Most People Are "Serial Optimists," Even If Their Situation Says Otherwise
Where do you see yourself in five years? Better off? Worse off? Odds are that you see your future as being brighter than the past, according to a study published in the National Bureau of Economic Research.
Nobel laureate economist Angus Deaton published a paper titled "What do Self-Reports of Wellbeing Say about Life-Cycle Theory and Policy?" in the NBER, and in that paper he discusses how our outlook on the future tends to be positive. In the abstract, he writes:
I respond to Atkinson's plea to revive welfare economics, and to considering alternative ethical frameworks when making policy recommendations. I examine a measure of self-reported evaluative wellbeing, the Cantril Ladder, and use data from Gallup to examine wellbeing over the life-cycle. I assess the validity of the measure, and show that it is hard to reconcile with familiar theories of intertemporal choice. I find a worldwide optimism about the future; in spite of repeated evidence to the contrary, people consistently but irrationally predict they will be better off five years from now. The gap between future and current wellbeing diminishes with age, and in rich countries, is negative among the elderly. I also use the measure to think about income transfers by age and sex. Policies that give priority those with low incomes favor the young and the old, while utilitarian policies favor the middle aged, and men over women.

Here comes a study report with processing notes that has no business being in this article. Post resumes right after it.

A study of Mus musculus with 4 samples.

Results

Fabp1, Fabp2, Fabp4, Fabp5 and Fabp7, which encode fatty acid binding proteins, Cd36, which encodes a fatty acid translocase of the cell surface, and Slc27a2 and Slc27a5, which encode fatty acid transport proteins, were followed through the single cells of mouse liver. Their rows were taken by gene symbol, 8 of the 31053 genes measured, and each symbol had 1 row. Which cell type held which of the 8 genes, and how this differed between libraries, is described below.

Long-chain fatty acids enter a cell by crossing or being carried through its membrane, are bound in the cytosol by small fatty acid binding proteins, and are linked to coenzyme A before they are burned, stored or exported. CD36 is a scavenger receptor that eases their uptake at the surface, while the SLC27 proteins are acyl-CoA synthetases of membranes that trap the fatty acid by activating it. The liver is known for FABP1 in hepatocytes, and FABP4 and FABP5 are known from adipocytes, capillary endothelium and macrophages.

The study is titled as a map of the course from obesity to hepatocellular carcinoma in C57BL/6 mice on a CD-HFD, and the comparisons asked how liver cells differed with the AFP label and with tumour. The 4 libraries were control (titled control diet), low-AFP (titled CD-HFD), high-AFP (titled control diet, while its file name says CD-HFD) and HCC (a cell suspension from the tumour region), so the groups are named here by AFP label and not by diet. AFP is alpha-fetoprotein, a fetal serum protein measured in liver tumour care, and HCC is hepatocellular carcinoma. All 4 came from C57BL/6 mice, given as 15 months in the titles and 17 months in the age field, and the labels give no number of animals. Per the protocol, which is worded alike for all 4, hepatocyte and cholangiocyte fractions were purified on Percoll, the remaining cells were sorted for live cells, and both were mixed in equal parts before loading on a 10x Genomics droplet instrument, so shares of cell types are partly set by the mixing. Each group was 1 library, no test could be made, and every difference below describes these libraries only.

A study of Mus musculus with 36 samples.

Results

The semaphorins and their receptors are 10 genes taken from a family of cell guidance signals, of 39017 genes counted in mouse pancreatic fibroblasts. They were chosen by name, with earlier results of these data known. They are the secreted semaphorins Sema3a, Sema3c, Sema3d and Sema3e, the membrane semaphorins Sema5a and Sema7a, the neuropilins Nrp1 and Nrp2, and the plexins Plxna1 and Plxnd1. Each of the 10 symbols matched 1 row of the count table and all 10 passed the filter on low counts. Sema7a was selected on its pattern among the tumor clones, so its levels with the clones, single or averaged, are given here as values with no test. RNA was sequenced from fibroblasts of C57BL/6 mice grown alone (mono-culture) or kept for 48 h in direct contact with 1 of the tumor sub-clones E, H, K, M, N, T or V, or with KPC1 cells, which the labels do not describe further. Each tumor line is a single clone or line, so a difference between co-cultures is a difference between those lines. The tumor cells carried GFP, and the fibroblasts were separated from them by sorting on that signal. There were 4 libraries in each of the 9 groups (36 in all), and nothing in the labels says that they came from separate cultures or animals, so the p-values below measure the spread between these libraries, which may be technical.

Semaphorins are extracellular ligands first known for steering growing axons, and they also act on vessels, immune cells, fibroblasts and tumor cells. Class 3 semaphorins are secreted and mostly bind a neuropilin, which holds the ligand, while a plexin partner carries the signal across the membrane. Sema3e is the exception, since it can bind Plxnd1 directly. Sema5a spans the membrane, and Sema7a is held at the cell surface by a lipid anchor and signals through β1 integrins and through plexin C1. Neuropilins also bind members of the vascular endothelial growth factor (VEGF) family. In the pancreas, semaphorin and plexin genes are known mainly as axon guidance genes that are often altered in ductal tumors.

All the jargon aside, Deaton's findings show that we as human beings are "serial optimists." Even though there are often difficult times both ahead and behind us, it seems like the human spirit is stubbornly positive about what is coming down the pike.
Have you experienced this? Are you one of those perpetual optimists?